Iraq's Presidency Council has issued a controversial law that should allow tens of thousands of former lower-ranking Ba'ath Party members to regain their jobs in the government bureaucracy and public services.
The passage in December of the Accountability and Justice Law by the Iraqi parliament cleared the way for the signing by the Presidency Council in Baghdad on February 3. All that remains now is for the measure to be published in the official government gazette for it to become law.
The bill is designed to bring back into the country's administration thousands of people with experience running the machinery of government -- expertise that has been lacking since the de-Ba'athification process dismembered Iraq's civil-service and military establishments.
But most of all, it is meant to serve as a key building block for national reconciliation. Most of those sacked were Sunni Arabs, the ruling elite in Saddam Hussein's regime, and this is an attempt to remove one of the major grievances that has driven some Sunnis to support the insurgency in Iraq.
The Accountability and Justice Law, as its name suggests, does not give free reinstatement to everybody. The top four tiers of the Ba'ath Party's 10 ranks are excluded from the measure. And any Iraqi who has suffered at the hands of a Ba'ath Party member has the right to file a lawsuit against that individual.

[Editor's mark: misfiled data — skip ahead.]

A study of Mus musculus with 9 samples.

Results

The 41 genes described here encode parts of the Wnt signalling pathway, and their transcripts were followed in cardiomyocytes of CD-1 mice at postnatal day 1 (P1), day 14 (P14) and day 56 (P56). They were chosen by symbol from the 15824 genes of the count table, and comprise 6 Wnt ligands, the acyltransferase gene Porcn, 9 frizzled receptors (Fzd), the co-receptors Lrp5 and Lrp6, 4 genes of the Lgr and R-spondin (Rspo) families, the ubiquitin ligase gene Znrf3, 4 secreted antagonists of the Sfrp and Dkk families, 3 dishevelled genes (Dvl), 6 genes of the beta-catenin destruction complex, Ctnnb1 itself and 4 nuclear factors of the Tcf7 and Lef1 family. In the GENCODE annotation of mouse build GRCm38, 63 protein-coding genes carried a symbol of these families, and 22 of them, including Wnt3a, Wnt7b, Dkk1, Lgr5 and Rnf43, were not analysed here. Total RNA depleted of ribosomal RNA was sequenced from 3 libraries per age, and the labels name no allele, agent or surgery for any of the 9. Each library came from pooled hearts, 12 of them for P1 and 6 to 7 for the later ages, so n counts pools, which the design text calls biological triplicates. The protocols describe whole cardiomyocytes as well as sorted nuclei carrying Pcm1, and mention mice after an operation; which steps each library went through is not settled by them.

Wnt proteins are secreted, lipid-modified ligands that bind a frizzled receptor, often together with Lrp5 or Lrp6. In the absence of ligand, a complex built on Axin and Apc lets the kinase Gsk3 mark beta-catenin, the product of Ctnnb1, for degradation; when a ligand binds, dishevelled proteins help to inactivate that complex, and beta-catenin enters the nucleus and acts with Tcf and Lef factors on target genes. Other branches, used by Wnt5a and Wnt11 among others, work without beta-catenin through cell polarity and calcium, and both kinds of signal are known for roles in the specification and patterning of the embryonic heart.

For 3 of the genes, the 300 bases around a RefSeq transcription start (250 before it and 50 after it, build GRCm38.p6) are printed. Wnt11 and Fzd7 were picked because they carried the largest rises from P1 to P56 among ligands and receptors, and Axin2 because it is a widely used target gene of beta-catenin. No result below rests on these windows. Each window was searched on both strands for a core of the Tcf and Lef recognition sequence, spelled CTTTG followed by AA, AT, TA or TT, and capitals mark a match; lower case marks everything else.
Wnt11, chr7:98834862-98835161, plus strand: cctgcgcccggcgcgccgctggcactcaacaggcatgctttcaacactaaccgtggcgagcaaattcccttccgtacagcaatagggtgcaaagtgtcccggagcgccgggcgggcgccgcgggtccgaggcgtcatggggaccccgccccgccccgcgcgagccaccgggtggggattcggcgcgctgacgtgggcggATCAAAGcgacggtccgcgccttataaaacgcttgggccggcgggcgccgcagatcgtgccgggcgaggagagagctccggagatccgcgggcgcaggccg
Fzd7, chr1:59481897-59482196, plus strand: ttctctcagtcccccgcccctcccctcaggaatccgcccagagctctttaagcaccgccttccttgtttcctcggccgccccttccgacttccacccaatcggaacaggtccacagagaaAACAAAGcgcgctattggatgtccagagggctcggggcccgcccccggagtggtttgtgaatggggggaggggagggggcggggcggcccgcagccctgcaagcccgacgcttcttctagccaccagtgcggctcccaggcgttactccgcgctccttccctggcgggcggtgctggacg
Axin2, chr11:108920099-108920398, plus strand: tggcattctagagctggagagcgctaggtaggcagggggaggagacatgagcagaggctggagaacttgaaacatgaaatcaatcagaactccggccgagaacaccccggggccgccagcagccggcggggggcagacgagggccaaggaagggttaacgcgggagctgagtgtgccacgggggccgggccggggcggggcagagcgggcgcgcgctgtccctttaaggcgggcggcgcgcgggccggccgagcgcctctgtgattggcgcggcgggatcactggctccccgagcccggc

The law also creates a seven-person committee to oversee the process of rehiring former party members. This body replaces the controversial De-Ba'athification Commission, which purged the party members in the first place.
But not everyone is happy about the new arrangements. Parliamentary Legislation Committee member Izzat al-Shahbandar has told RFE/RL's Radio Free Iraq that the new law is still permeated by the "spirit of revenge" that characterized the original de-Ba'athification law. He said the new commission will not be an independent arbiter, but just "a practical extension" of the old law.
The measure is the first piece of legislation to emerge from a series of 18 bills designed to facilitate national reconciliation among the majority Shi'a, the minority Sunnis, and ethnic Kurds. The United States supports those measures as necessary to heal the wounds of conflict during the past five years.
Washington refers to the 18 steps as "benchmarks" for reconciliation. They include bills on how to divide up Iraq's oil wealth, rules for holding provincial elections, and other key measures.
The administration of President George W. Bush sees enactment of the 18 benchmarks as the best way to set the stage for Iraq to emerge from crisis and achieve stability -- which in turn would allow the United States to recall its troops home.
The United States has been urging the Iraqi government of Prime Minister Nuri al-Maliki to increase the tempo of political reconstruction during the present lull in the violence.
However, getting the full package of measures enacted into law will not be easy. The Accountability and Justice Law was the subject of bitter debate in parliament, and in the end was signed by only two of the three members of the Presidential Council.
Vice President Tariq al-Hashimi, the Sunni member of the triumvirate that includes the president and both vice presidents, decided not to sign the document because he objected to the automatic retirement of some 7,000 members of the Iraqi secret police and intelligence services who date from the Hussein era.